10/05/2007 08:00 am ET Updated Nov 17, 2011

Personal Trainers: The Good, The Bad, And The Sometimes Ugly

A qualified and good personal trainer can help you build a great body, enhance your health and build self-confidence. But a bad trainer can cause more harm than good.

A good personal trainer will seek to enhance your strength, performance, endurance and flexibility, according to celebrity trainer Radu Teodorescu, also known as Radu, who has been in the field for more than two decades. "With personal training, someone makes sure you're doing the exercises right, realizing your full potential and making progress," he said.

Radu further adds "training can help some people change their behavior, develop character and build confidence."

But it doesn't come cheap. You're likely to shell out $75 to $300 dollars an hour, up to three times a week. Before you sign up, make sure the trainer is qualified. Poor training can result in permanent injury or make an existing orthopedic condition worse. "If your potential and individuality are not accurately analyzed, and if you are not taught in a scientific way, you can get hurt," said Radu. "Some trainers give the same program to everyone, and that can be dangerous."

Dr. Riley Williams, an orthopedic surgeon who specializes in sports medicine, issued another warning: "If you suffered an injury and need someone to help you with rehab, it should be a physical therapist, not a personal trainer, and you should be under a doctor's care."

"The problem is that some personal trainers are not taught to deal with medical injuries," he said. It's not uncommon for people to come to him after their trainer had them do multiple exercises or an activity that exacerbated an injury, said Williams, who is affiliated with the Hospital for Special Surgery in Manhattan.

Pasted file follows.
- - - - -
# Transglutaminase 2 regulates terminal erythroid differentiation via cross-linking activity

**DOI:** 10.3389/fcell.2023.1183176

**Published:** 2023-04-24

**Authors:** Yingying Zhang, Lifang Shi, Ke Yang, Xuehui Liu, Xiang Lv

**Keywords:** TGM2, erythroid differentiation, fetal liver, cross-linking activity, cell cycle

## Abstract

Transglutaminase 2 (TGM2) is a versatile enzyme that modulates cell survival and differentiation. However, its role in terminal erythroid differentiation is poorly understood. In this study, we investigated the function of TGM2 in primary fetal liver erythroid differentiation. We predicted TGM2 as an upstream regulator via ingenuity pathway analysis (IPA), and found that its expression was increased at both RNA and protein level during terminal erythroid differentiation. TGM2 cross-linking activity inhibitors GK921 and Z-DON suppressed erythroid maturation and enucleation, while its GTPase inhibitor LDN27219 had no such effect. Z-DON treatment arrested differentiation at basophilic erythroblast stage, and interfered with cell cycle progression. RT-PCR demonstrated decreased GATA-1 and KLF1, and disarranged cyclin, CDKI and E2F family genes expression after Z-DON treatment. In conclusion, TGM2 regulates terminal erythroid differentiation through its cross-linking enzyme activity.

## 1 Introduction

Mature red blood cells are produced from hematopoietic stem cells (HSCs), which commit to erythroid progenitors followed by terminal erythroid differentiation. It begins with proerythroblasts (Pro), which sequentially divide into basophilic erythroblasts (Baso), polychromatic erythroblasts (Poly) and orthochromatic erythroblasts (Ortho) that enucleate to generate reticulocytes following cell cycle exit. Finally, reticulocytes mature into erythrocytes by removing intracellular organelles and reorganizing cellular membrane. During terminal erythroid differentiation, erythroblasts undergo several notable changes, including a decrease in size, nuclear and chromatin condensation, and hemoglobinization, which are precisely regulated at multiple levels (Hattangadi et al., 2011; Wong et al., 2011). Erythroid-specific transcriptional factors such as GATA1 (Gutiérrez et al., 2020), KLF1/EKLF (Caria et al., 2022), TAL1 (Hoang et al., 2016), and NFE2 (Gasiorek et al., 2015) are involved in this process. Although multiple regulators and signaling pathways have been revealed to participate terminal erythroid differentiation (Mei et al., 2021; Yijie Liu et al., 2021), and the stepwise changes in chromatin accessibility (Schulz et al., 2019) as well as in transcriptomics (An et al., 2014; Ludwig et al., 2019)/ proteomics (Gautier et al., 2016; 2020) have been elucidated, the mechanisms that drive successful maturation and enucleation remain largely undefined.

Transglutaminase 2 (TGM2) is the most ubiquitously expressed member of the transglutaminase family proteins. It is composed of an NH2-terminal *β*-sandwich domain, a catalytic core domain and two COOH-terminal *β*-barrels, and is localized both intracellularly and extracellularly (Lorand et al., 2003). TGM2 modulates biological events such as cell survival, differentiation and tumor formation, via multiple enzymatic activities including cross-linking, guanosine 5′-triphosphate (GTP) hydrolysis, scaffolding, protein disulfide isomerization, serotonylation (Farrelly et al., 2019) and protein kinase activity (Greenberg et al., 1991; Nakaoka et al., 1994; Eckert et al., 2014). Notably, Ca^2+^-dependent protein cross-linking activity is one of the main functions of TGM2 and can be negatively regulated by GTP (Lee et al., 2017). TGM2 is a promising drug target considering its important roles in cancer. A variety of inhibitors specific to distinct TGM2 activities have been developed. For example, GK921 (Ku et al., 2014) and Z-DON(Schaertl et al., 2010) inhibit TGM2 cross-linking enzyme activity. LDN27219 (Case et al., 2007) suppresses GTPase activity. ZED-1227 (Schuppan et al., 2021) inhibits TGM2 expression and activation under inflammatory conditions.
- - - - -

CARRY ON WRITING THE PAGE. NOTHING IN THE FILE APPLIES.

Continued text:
Shoulders, knees and backs are most prone to injury from improper training regimens.

"If you're interested in personal training and have a problem or injury, first see a physician," advised Dr. Stephen O'Brien, a sports medicine specialist at the hospital and former assistant team physician for the New York Giants. "Make sure everyone is on the same team from the start."

It's a good thing a personal trainer called physical therapist Mickey Levinson to consult about a client. The 60-year-old female client had a rotator cuff shoulder injury, and the trainer wanted her to do bench presses. That type of exercise would have predisposed her to re-injury, said Levinson, a clinical supervisor at the Sports Medicine Center in the hospital's rehabilitation department.

"To find a qualified trainer, look for someone with background in physical education or coaching," Radu said. "The trainer should look at you as a whole person not in terms of inches. You should like the trainer and feel comfortable with him or her."

When embarking on a program, people who haven't exercised much should begin slowly, do things in moderation and know their body, sports medicine experts say. If an exercise or activity causes pain, stop immediately.

In choosing a trainer who is qualified and knowledgeable, you should ask your sports doctor for a recommendation. Personal trainers have much to offer to the public as they promote wellness, fitness, and overall healthy living. But it's not a good idea to choose a trainer based upon magazine features, the Yellow Pages, or other public relations items. Check with your sports medicine health care professional to avoid becoming a statistic.